Auckland Council have recently carried out willow control along the Mangatawhiri River. This is a continuation of the work started by Watercare last year, but has been carried out using a different methodology. The Watercare project removed the willows in their entirety to prevent them breaking down and clogging up the ford, Auckland Council has been working downstream of the ford where flooding is less of a risk so the trees have been killed standing. This means they will continue to provide shade to the river as the native vegetation regenerates.
Between the two projects willow has now been controlled all the way between the Mangatawhiri dam and the park boundary 9km down stream. Auckland Council will be continue to work on the willow control for the next few years, removing any surviving trees and carrying out riparian planting. This work should improve the health of the river and increase biodiversity.
Regular visitors to the lower Mangatawhiri area of Moumoukai Valley where most of Hunua's mountain bike tracks are situated will have noticed quite a change alongside the Mangatawhiri River.
During winter of 2014 Watercare arranged the removal of many mature willow trees that line the river banks (Crack and Grey Willows). These trees were planted decades ago just after construction of the Mangatawhiri Dam in 1965.
However, it has been recognised in recent years that this was not really a good idea in hindsight: the willows were stunting the growth of many other species of wetland plants therefore creating a monoculture and hindering biodiversity.
Studies have been carried out that identify far less native insect life within willows than in native plant species canopy (another impact for biodiversity in that there is less food for insects and less food for native birds). Also their roots trap sediment and therefore raise the level of the stream bed in this case making the river flood down the road when in flood.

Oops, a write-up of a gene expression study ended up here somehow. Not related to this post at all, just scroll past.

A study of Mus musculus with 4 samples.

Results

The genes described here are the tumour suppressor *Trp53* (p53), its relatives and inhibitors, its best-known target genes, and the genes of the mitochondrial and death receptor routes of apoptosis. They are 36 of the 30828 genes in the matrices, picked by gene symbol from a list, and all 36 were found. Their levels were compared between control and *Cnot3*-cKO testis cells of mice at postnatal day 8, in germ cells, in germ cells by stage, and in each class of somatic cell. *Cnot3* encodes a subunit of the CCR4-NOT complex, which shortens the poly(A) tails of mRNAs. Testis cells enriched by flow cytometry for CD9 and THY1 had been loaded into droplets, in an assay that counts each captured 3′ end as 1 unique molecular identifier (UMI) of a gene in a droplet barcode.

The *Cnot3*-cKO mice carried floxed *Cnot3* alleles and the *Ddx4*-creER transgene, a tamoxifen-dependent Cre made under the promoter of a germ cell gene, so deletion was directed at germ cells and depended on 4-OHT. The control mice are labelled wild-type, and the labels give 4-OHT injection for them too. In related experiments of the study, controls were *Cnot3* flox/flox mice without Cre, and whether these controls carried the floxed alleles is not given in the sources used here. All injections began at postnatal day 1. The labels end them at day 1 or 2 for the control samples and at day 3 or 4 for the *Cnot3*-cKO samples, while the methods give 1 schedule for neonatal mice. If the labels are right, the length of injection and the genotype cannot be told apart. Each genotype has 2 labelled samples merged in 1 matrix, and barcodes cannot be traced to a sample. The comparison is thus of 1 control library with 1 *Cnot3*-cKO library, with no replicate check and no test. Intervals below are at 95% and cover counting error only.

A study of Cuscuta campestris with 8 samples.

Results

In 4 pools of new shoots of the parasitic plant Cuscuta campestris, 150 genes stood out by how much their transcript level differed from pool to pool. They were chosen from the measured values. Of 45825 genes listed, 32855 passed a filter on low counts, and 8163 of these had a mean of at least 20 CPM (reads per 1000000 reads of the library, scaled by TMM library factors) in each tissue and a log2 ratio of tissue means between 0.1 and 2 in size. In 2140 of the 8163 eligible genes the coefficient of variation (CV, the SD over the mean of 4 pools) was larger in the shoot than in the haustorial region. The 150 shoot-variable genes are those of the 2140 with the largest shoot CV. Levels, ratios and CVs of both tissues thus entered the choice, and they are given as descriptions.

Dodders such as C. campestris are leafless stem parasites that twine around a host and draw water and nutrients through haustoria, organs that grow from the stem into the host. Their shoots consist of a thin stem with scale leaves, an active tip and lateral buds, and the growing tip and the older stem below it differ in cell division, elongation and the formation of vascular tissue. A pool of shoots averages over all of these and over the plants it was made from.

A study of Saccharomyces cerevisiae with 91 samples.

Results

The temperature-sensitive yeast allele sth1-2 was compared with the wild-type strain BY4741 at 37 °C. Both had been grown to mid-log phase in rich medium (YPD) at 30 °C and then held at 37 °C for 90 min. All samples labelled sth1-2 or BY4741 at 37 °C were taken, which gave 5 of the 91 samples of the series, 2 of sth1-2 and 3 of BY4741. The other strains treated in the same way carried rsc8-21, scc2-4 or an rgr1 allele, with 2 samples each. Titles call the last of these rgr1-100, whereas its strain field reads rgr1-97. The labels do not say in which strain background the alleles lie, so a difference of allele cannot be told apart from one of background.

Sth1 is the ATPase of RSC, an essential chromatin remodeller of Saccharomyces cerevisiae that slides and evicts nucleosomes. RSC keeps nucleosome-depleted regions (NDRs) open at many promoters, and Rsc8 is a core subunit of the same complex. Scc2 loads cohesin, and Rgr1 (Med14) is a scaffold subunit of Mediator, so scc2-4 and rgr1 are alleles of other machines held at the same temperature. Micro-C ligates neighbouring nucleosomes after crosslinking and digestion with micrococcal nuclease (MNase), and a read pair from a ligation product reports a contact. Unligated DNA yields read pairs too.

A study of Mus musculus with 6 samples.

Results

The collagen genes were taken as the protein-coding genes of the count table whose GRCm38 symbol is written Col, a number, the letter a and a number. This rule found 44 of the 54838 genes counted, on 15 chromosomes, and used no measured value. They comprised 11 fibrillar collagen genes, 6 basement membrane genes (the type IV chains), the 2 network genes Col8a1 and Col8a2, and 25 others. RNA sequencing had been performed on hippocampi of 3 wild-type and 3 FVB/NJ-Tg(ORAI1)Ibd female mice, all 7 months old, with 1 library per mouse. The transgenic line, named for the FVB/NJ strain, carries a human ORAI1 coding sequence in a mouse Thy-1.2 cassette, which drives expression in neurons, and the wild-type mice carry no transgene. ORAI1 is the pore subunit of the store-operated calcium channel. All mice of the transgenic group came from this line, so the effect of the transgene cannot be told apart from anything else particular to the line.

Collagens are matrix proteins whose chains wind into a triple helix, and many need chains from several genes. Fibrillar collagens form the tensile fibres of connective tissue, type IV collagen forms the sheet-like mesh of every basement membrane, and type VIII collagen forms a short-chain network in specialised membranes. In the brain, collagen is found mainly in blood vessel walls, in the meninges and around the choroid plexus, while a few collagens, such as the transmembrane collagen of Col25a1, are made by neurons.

Contractors felled the large trees in late summer, stacking them into pils for winter burning. Timing is crucial, ensuring herbicides are applied when the trees have plenty of leaves circulating nutrients and water through their trunks.
Now the willows are gone hopefully the riverbed will scour out and deepen.
You can see by the picture below the contractors also helped things along by planting natives either side of the river bank. Regular MTB rider of the valley Elvis Zaskarelli likes what he sees: "We can now see the river flowing, we get more light along that stretch of the road into the trail network and it is going to be great to watch it develop. Before you know it, the seedlings will have matured and we will be enjoying nice views with the chirping symphony of native birdlife."
Well said Elvis!
A number of higher risk tracks in the Hunua Ranges Regional Park are closed. A Controlled Area Notice (CAN)* is in place across the forested areas of the Hunua Ranges as well as the Waharau Regional Park.